San Francisco City Attorney Dennis Herrera, in conjunction with the city's Controller, said Tuesday that an independent investigation — beholden to no one at City Hall — is already underway into any potential improprieties in contracts linked to the Department of Public Works and its recently federally charged director, Mohammed Nuru.
Following last Tuesday's bombshell news that Nuru and local restaurateur Nick Bovis had been arrested by the FBI and charged with multiple corrupt "schemes" relating to city contracts, bribery, and the use of city contractors for personal business, Supervisor Matt Haney was among the first to call for swift independent investigations into any and all corruption at City Hall.
"The culture of pay-to-play politics at City Hall must end," Haney said at a news conference Thursday, per the Examiner. "It is both necessary and appropriate to identify a completely independent investigator without any pre-existing contracts or relationship with the city to conduct investigations." Haney was calling for a broad investigation covering all city departments, and saying that a "normal audit" by the city Controller's office would be "insufficient."
Seemingly in response to that call, City Attorney Dennis Herrera made the unusual move today of saying that such an investigation has already gotten underway, and issued a statement that seems aimed at promoting the qualifications and integrity of himself and Controller Ben Rosenfield to conduct such investigation.
"San Franciscans deserve a government that is worthy of their trust," Herrera said in the statement. "When the integrity of San Francisco’s government is called into question, it is our duty to get to the bottom of it and change what isn’t working. That’s what the City Charter calls for, and that’s exactly what we’re doing."
Rosenfield echoed that saying, "San Franciscans are owed transparency and accountability when it comes to their tax dollars. My office is focused on ensuring that public funds are spent wisely and properly. That is our job."
Herrera's office says that this independent investigation into the Department of Public Works "began in earnest immediately upon Nuru’s indictment being made public." And Herrera says that his and Rosenfield's team will be "identifying employees or officials involved in potential violations of local law, [and] the investigation will identify contracts, grants, and other government decisions possibly tainted by conflicts of interest and other legal or policy violations."
The release goes on to enforce the fact that Herrera does not answer to the mayor or anyone else in City Hall. "The City Attorney is an independent elected official who answers directly to San Francisco voters, not any other elected official or body," the release states. It further explains that both the City Attorney's Office and the Controller's Office are "independent City agencies that are separate from the legislative branch and the executive branch." Just in case that wasn't clear.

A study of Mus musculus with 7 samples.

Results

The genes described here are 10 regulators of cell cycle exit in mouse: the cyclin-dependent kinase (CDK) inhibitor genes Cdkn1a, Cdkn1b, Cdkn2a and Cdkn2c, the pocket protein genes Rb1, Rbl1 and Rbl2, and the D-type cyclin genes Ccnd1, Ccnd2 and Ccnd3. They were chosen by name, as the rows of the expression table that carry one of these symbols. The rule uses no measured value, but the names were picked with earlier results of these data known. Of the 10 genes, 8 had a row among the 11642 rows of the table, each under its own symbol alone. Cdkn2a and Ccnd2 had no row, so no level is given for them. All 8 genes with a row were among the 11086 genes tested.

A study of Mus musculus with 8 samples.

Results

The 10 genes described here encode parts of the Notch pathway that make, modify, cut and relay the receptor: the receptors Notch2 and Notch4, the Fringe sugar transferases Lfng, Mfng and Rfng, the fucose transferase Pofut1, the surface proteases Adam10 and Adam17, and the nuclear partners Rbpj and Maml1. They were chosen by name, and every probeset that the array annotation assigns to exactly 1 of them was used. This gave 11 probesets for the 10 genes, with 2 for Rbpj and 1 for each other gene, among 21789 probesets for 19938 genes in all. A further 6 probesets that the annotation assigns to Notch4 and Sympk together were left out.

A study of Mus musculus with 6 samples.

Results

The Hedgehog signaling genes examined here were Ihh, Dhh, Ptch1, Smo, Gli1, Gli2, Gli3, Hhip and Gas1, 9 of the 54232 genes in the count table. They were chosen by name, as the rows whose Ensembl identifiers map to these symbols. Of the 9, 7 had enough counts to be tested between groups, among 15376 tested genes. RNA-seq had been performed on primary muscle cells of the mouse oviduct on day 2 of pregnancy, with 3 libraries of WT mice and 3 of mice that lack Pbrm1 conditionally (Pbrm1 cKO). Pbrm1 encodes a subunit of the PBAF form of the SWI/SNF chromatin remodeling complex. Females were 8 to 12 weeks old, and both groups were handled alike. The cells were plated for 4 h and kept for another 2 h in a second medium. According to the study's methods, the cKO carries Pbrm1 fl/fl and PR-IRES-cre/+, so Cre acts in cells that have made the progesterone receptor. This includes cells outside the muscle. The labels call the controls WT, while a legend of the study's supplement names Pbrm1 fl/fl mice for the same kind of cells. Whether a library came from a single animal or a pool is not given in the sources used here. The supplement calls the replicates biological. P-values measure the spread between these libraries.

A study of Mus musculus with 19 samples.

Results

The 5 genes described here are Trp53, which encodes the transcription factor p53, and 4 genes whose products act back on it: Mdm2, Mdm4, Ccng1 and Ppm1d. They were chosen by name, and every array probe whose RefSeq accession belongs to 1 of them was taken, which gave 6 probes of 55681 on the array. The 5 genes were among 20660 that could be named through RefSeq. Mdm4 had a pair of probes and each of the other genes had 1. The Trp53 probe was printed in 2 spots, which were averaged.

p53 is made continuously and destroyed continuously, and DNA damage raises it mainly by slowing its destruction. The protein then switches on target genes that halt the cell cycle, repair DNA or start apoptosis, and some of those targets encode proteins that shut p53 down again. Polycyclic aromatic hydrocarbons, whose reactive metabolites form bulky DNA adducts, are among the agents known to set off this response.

Further, the statement explains that while the Controller is not elected, he or she is "appointed to a 10-year term in part to guarantee the Controller is independent and removed from political pressure."
The City Attorney's Office and the Controller appear today to want to make clear that they are taking the reins in this thing, to step ahead of any potential effort by the Board of Supervisors to appoint some outside, independent investigator. That is definitely what Haney says he wants to do, and Haney's indignation, as SFist's Joe Kukura pointed out last week, might have a little something to do with his future political ambitions. New D5 Supervisor Dean Preston already seemingly seconded Haney's motion in comments to the press.
It should be pointed out that Herrera, himself, may also want to run for mayor again, as he did in 2011, and as he looked to be considering doing again in 2017. And as the Chronicle recalled over the weekend, Herrera was thoroughly upbraided by the "city family" when he went after Nuru and earlier corruption allegations against him during his 2011 mayoral campaign. Former supervisor John Avalos remembered it, saying, "Dennis Herrera opened his mouth during the 2011 mayor’s race, talking trash about Mohammed Nuru and about corruption. And what did the city family do? They said, ‘How dare you go after an African immigrant who is doing good work in this city?’ [Herrera] basically got slapped down for it."
Also, per today's statement, he investigation would appreciate tips from the public or those in the know. Anyone who has information they'd like to share about crooked city contracts or Nuru himself can submit them anonymously at [email protected], or do so by phone at 415-554-7657.